AR and VR applications are growing at a fast pace driven by the continued use of smart devices and improved internet connectivity. While the entertainment industry has been a main driver for AR and VR headsets demand, this immersive technology is increasingly being used by businesses for training purposes and to enhance collaboration between people who aren’t physically in the same location. Given its huge potential in almost all industries, it is no wonder that the AR and VR market represents a multi-billion opportunity for both display makers and component manufacturers.
In this blog we take a look at some of the many exciting uses related to AR and VR headsets in particular and how ongoing improvements in optical components can drive further innovation in this field.
AR in healthcare
AR/VR can completely change how healthcare professionals are being trained and assist surgeons with complex procedures. It can create a virtual world where students can learn to perform procedures on virtual patients not being limited by physical resources and proximity. Devices that incorporate AR can make surgical processes more efficient and improve outcomes for patients. For example Microsoft’s Hololens is already used in surgery. By wearing the headset surgeons are able to view patient information while performing an operation.
AR for speeding auto repair
Just like in healthcare, AR headsets can be very useful in other industries too. One example is the automotive industry where technicians can use the technology to diagnose and fix difficult problems on a vehicle. Ford has recently announced that it has been using a hands-free electronic headset, known as See What I See (SWIS), that “allows the technical assistance team to see what the dealership tech is seeing while they work on the vehicle in real time.”
It’s not difficult to imagine, that the potential of this remote-assist technology can go beyond auto repair and be used to fix anything from bicycles to washing machines.
AR in manufacturing
AR headsets have many practical applications in manufacturing where they can be used for employee technical training and to optimise various parts of the manufacturing process. Instructions and graphics can be overlaid onto real-life components and products while workers hands are kept free to execute tasks. For example Airbus has used HoloLens 2 to help designers virtually test their designs and to improve safety and quality.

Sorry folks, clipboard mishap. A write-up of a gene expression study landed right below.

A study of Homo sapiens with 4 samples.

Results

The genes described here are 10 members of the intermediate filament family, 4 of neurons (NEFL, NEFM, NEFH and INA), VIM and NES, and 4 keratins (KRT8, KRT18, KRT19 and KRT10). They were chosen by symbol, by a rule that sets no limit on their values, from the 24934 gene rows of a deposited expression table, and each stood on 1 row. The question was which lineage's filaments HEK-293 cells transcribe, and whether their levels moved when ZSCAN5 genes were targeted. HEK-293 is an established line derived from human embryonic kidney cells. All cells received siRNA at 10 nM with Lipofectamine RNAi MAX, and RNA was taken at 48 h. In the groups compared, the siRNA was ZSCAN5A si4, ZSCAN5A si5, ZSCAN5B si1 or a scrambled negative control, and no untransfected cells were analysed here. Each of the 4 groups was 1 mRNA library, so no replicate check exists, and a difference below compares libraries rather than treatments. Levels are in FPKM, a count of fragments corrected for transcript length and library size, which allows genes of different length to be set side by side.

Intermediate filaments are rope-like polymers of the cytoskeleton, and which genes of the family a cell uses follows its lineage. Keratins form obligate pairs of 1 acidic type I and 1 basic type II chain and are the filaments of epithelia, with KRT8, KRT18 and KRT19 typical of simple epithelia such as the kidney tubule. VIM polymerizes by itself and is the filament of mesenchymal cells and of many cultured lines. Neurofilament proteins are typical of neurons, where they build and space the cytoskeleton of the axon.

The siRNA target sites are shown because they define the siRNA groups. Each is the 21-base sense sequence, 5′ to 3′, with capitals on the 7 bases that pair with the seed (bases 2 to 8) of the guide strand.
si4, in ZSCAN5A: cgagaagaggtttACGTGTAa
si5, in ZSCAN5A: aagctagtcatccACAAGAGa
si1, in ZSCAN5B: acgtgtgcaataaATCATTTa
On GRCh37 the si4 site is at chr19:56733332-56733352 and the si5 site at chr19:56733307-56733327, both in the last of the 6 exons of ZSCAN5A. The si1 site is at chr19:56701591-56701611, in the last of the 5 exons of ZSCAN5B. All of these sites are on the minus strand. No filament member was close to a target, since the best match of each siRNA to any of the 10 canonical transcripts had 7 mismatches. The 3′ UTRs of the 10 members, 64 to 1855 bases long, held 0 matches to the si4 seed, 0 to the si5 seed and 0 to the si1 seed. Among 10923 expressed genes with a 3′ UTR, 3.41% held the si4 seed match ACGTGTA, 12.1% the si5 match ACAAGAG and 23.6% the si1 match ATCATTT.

VR in home renovation and construction
As someone with an interest in home interiors and design, I have been fascinated with how VR technology is helping people visualise spaces and make more informed decisions regarding house building and remodelling. The first time I saw this technology being used was in the BBC Show ‘Your Home Made Perfect’ where home owners were given VR headsets to explore 360-degree renderings of their future homes before they renovate them. Some kitchen suppliers are also offering immersive VR experiences already, and it is easy to imagine that the technology will become an important tool in the construction and home improvements industry in the future.
VR in tourism
The travel industry is one sector where investment in VR technology is gathering pace and it’s easy to understand why. It offers limitless opportunities to access and experience remote locations and activities that otherwise may be out of reach for most. For example Oculus Quest 2, developed by Meta, is said to be ‘one of the most advanced all-in-one VR systems in the market’ taking users to places such as Machu Picchu or Antarctica.
Innovations in AR and VR optics
In order for all these AR and VR experiences to be as realistic and as immersive as possible (and to drive demand), the construction and optical performance of the headsets are vital. The quality of the images has to be perfect while the headsets need to be lightweight and comfortable to wear for the users.
Headset developers are continuing to rapidly innovate towards these requirements. Fortunately, breakthroughs in certain areas mean that AR and VR headsets will only become better. FlexEnable’s Strategy Director, Paul Cain, recently explained in a blog on ambient dimming how new developments in liquid crystal optics can improve AR headsets by allowing the real world’s brightness to be locally adjusted to maximise the contrast of the overlaid virtual image. In addition to better blending the real and virtual world, the used flexible LC-based lenses are thin and light (weighting less than 1 gram). Moreover they can be biaxially formed around other fixed optical components in the stack.
For more information on liquid crystal optics, please contact us at firstname.lastname@example.org.